Sen. Chris Dodd for the first time Wednesday acknowledged he was instrumental in creating legislation that cleared the way for disgraced executives at taxpayer-rescued AIG to walk away with hundreds of millions of dollars in bonuses.
The Connecticut Democrat also had to explain the receipt of more than $100,000 in campaign donations from AIG workers, including some from Leonid Shekhtman of Redding.
Dodd vowed to return any tainted contributions from company executives, but that issue will likely be dwarfed by the huge AIG executive bonuses.
In an interview Wednesday afternoon, the senator said he had hoped an amendment he drafted to limit executive pay under last year's Targeted Asset Relief Program would have ruled out hefty bonuses.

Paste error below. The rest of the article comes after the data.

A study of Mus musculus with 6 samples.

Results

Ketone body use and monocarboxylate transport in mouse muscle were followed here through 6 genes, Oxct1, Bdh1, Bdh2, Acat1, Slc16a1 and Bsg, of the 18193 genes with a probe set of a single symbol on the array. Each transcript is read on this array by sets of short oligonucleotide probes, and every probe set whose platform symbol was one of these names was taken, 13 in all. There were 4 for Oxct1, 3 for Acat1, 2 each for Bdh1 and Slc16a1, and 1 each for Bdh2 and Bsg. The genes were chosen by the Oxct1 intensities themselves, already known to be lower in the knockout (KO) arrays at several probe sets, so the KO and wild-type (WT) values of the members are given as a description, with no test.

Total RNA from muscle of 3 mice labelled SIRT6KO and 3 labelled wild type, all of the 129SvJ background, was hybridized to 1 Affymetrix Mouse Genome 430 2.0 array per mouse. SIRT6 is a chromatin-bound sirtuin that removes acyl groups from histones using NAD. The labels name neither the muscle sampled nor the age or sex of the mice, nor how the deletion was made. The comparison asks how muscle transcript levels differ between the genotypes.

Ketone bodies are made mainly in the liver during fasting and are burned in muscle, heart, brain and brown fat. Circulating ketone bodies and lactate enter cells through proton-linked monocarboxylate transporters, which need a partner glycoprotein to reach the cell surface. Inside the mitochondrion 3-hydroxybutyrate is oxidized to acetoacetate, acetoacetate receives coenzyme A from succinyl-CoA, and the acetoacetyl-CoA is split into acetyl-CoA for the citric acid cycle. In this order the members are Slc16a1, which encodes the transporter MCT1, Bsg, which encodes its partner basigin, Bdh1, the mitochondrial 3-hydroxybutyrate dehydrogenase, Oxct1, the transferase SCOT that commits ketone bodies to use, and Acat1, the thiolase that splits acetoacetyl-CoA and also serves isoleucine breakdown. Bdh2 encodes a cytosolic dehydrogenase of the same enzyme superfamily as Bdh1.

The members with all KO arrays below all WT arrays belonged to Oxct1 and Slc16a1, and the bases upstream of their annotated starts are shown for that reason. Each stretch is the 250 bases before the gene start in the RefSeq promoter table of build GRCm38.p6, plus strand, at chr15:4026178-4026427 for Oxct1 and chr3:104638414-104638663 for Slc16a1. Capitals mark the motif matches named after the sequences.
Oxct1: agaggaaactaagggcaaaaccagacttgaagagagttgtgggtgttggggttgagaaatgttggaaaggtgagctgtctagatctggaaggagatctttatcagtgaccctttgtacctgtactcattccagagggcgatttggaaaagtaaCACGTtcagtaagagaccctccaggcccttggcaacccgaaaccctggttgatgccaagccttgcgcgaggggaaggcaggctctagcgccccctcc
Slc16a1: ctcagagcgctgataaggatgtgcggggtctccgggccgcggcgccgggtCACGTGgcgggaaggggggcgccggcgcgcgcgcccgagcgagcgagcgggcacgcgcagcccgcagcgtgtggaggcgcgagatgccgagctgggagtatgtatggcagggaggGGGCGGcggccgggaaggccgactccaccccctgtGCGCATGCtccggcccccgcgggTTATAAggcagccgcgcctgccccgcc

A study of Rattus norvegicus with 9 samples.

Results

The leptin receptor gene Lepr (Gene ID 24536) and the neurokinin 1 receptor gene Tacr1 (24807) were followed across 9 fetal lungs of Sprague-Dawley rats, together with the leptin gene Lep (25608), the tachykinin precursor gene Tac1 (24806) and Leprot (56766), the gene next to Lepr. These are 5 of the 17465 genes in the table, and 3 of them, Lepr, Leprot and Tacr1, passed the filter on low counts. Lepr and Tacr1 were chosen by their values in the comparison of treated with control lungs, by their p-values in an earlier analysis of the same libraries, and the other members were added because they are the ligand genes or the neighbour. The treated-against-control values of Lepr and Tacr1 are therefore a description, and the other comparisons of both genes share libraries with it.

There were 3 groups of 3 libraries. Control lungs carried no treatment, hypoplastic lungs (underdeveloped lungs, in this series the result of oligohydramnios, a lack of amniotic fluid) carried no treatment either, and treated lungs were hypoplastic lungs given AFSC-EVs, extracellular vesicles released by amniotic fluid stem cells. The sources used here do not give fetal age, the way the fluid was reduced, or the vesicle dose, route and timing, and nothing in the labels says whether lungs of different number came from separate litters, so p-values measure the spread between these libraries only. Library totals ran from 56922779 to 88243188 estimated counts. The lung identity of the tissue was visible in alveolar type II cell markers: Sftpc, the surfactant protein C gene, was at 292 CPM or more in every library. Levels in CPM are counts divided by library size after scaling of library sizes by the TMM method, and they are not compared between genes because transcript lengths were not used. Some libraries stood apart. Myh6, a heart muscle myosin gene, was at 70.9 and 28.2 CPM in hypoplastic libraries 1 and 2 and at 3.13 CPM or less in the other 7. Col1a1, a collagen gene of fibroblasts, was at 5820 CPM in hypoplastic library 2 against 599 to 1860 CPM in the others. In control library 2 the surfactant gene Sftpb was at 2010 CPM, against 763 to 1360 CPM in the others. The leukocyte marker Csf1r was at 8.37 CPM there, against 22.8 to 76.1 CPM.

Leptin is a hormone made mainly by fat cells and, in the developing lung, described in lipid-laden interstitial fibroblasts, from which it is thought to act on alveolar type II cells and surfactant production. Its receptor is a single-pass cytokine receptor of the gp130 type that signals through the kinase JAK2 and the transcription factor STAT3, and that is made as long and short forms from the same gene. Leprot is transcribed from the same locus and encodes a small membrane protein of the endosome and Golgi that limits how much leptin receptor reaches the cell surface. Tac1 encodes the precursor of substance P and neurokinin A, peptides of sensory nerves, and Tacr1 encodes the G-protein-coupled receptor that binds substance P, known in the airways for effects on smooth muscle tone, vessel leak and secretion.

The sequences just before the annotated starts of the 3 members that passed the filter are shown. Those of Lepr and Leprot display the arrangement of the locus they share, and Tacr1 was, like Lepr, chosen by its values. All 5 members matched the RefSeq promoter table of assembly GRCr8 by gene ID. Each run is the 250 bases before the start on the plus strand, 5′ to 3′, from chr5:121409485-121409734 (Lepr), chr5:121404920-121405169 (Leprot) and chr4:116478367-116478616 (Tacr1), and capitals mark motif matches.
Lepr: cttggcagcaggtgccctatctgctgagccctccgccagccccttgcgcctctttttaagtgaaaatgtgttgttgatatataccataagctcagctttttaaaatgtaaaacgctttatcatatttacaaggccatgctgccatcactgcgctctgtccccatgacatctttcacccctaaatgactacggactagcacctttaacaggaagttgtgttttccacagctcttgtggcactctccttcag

"I thought we covered that," Dodd said. His amendment passed the Senate, but was later relaxed by the conference panel that works out differences between versions of legislation passed in the two chambers of Congress.
But later Wednesday, Dodd told CNN he agreed to change his amendment -- at the request of the Obama administration -- to ensure that previously enacted bonus contracts would be honored, despite billions of dollars that would go to bailout beneficiaries.
"The alternative was losing the amendment entirely," he told the network. Administration officials feared that without the language the bailout measure would be deluged with lawsuits.
Now if he'll just give up that million dollar Irish Cottage, his sweetheart mortgage deals, etc, we'll call it even.